Applying Greenfield Analysis for Optimal Planning of COVID-19 Vaccination Outreach: A Case Study of Bali Province


  • Arief Adhitya1 (Calvin Institute of Technology, Indonesia)
  • Meyland Meyland1 (Calvin Institute of Technology, Indonesia)
  • Maria Nauli1 (Calvin Institute of Technology, Indonesia)
  • Martin Tjahjono1 (Calvin Institute of Technology, Indonesia)
  • Iskandar Halim1 (A*STAR (Agency for Science, Technology and Research), Singapore)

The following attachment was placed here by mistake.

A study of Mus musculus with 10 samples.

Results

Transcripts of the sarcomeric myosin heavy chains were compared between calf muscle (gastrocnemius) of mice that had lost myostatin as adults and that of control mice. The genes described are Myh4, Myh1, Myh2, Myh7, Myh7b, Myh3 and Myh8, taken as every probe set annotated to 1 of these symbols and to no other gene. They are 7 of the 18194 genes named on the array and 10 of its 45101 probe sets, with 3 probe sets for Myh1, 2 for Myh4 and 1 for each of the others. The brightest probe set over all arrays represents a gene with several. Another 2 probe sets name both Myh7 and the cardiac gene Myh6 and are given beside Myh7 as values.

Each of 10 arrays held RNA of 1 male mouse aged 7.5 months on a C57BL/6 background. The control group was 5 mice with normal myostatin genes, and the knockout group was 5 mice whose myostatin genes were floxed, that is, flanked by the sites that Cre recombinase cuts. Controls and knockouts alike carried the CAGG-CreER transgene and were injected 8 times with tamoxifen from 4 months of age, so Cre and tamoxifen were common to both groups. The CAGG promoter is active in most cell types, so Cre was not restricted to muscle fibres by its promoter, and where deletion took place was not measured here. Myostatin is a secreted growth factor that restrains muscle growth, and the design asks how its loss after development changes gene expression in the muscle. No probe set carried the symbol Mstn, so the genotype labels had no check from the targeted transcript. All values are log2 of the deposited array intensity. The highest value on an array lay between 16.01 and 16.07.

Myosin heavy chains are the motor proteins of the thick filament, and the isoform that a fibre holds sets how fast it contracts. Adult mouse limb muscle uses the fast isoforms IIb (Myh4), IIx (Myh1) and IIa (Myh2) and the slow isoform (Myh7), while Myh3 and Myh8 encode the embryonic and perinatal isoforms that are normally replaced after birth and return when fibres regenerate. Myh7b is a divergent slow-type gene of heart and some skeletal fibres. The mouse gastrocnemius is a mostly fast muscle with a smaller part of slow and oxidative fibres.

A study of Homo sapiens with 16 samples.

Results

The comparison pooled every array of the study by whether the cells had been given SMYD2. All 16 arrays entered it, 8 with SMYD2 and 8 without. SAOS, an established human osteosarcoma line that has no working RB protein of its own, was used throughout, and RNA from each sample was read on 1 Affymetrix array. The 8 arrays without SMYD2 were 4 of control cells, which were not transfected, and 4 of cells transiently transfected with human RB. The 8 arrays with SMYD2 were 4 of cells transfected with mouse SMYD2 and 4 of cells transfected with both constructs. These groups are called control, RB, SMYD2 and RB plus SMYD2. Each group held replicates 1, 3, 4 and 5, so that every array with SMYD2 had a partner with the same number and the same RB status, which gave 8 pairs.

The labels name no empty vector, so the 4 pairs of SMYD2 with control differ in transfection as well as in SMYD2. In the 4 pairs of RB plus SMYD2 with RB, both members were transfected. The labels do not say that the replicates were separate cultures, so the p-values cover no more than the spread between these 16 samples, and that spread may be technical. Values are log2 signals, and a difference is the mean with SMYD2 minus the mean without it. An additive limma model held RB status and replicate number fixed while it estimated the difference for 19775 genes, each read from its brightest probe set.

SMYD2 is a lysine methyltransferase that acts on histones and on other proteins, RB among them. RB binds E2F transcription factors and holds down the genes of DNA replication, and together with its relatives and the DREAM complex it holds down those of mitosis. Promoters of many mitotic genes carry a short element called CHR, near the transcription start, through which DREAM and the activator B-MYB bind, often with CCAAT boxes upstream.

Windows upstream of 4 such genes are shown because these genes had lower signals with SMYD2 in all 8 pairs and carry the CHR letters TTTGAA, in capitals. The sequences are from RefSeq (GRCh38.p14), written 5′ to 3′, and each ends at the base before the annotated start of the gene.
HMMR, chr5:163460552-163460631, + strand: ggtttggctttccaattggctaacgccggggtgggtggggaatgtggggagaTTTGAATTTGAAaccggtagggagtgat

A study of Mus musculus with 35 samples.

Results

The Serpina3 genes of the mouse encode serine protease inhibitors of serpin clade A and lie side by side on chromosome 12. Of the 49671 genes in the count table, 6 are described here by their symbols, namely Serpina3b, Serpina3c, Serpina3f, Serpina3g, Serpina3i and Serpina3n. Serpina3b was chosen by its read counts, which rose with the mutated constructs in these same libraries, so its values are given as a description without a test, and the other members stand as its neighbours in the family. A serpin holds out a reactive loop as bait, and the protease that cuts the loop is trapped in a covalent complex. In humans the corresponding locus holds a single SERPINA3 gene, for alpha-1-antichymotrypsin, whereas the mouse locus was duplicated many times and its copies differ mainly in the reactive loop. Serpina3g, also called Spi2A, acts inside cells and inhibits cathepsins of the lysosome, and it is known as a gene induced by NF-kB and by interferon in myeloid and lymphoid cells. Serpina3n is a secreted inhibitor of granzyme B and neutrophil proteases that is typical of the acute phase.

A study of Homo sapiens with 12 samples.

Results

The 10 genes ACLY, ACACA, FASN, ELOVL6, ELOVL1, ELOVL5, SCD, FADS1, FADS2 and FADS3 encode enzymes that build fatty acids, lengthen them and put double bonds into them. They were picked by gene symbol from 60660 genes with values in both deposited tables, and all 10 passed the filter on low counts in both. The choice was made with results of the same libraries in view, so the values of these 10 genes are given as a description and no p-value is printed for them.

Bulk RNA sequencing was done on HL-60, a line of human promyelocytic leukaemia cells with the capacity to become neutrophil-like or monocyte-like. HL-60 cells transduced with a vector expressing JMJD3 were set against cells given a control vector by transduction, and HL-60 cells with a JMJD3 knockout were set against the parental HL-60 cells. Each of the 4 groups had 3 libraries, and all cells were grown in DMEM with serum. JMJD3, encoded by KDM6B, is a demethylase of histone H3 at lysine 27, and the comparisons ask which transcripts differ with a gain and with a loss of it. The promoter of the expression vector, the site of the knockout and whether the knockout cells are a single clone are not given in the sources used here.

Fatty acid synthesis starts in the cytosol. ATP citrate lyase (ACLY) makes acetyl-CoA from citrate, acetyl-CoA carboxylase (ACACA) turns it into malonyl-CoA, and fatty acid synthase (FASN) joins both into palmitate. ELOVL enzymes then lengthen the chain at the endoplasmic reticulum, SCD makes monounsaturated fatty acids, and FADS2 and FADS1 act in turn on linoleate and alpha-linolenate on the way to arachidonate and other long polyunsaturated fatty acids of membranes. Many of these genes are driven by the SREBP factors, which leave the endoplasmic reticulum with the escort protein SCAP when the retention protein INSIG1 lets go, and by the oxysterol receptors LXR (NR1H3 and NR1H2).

A key strategy to winning the war against the COVID-19 pandemic involves acquiring sufficient vaccination coverage of the population to attain herd immunity. Such a task is highly daunting for many countries, especially for those whose significant portions of the population have limited access to vaccination services. One way to overcome this challenge is by implementing an outreach program, which involves setting up new outreach sites in remote and sparsely populated areas to improve the vaccination access for people residing there. This paper presents a novel approach to the planning of such outreach sites systematically and optimally. Our approach comprises a two-step Greenfield Analysis (GFA) procedure implemented using supply chain design software. The first step involves the design of the vaccination network to find the number and location of outreach sites that maximize the vaccination coverage for people residing within a threshold distance from the outreach sites. This is followed by the design of the vaccine supply network between the health centers and the outreach sites to determine the required vaccine doses that need to be kept at the vaccination sites. The required number of vaccinators and their ancillary supply kits can also be determined accordingly based on the supply network. We have tested our approach on a case study involving the COVID-19 vaccination scheme for Bali Province in Indonesia. We obtained the optimal number and locations of outreach sites for each regency in Bali and the whole province.